Cochrane is steeped in western cowboy heritage that continues to define the town to this day. Courtesy the Town of Cochrane
July 12, 2017 | Kathleen Renne
Embracing traditionWestern heritage is a part of everyday life for residents of Calgary-area ranching communities
While the Calgary Stampede offers Calgarians a mere 10 days each year to indulge in Alberta's ranching and cowboy heritage, that heritage is celebrated every day by residents of communities surrounding the city, including Cochrane, Longview and Turner Valley.
"Cochrane is here because of ranching," said Cochrane town councillor Tara McFadden. Cochrane is named after the man who, in 1881, started the Cochrane Ranche – Alberta's first large-scale livestock operation and a site that remains one of Cochrane's prime attractions.
"Cochrane's ranching history is very important to the Town of Cochrane today. We actively take great pride in keeping it as part of Cochrane's attraction," said McFadden, noting, for example, that the town requires any new building erected within its boundaries to reflect a Western heritage design.
Beyond the built community, however, McFadden says it's the residents who ultimately define Cochrane.
"People in Cochrane reflect the rancher ethos. Like ranchers, the people of Cochrane have vision and work hard."
Those from the surrounding areas who still rely on livestock for their livelihoods make their way into Cochrane regularly, McFadden adds. Furthermore, the community hosts events like the annual Cochrane Labour Day Parade and Rodeo. Both continue to make Cochrane's ranching roots a very real part of the Cochrane of today.
Ranching roots are also alive and well south of Calgary, in Turner Valley and Longview.
"Alberta's beginnings are in Turner Valley," said David Farran, founder of Turner Valley's Eau Claire Distillery, referencing the discovery of oil in the area in 1914.
Besides Turner Valley's historic role in Alberta's oil-and-gas industry, it's an area where, Farran says, "our ranching history and culture is very much alive.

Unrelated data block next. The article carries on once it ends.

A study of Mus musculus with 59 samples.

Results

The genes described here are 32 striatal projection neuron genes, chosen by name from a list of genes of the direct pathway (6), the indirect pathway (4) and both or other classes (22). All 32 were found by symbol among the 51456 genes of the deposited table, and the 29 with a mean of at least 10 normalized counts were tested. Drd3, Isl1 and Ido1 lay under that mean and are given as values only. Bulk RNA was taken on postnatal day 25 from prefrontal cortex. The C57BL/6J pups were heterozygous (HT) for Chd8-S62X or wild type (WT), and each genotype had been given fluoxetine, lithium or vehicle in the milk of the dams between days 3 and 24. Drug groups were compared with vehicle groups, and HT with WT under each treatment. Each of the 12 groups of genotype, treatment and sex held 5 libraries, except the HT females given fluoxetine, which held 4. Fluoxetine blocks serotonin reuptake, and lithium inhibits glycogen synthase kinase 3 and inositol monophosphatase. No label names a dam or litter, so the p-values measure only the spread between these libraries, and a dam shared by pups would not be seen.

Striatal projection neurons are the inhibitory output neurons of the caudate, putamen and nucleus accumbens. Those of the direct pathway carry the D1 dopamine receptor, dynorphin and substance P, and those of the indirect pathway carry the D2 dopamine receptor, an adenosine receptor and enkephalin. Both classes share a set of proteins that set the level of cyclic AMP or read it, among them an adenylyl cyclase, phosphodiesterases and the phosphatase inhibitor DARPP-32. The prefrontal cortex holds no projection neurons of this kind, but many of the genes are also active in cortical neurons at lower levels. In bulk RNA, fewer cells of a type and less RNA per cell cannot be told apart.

"People here really respect those traditions and keep them going," he said, attributing that, in part, to the younger generations of ranching families who now operate their families' historic ranches and participate in activities like 4-H clubs.
Farran acknowledges that Turner Valley's history – along with its scenery – is responsible for putting it on the tourism map. Tourism, in turn, helps to sustain the community and continues to perpetuate its history. "Tourism is one of the big opportunities for a town like Turner Valley. It forces you to revive those roots and traditions, so there's a reason for people to visit," said Farran.
"Cochrane is here because of ranching." - Tara McFadden, Cochrane town councillor
However, he says he has noticed a delinking between Calgary and the ranching community.
"When I grew up, everyone had an uncle who had a farm, but it's not the same anymore," he said, adding that Calgarians tend to focus on Banff as their backyard and playground.
"Calgarians don't recognize how close towns like Turner Valley are – it's a faster commute to go to Turner Valley than to go downtown ... the areas in the foothills, along the Cowboy Trail, are among the most beautiful places in the world, and they've been overlooked."
Not far from Turner Valley lies the Village of Longview, a community of 311 people.
"For Longview to survive, we survive as a community. We get as much input and value from our neighbours outside the village as from within," said Cliff Ayrey, a village councillor.
Unlike in a big city, Ayrey describes the Longview mindset as "neighbourly," a reflection of the area's ranching history and its ranching neighbours.
"We have farmers and ranchers from outside Longview's borders who come in to sell their produce within the village. That neighbourly, ranching mindset is always there through business and friendship. It's a self-sustaining engine," said Ayrey, echoing Farran when he adds that the younger generation is taking over the area's family farms.
Furthermore, Ayrey says, the community's identity dictates the nature of some of Longview's businesses, which then further re-enforce that identity. He points to the local art galleries that focus on western-heritage art as examples.
Just like in Cochrane and Turner Valley, businesses in Longview are encouraged to develop exteriors that reflect western themes. However, Ayrey says, the village doesn't have to do much convincing, because most people who move to Longview wish to preserve its established character and lifestyle.
"The buy-in is already there," he said.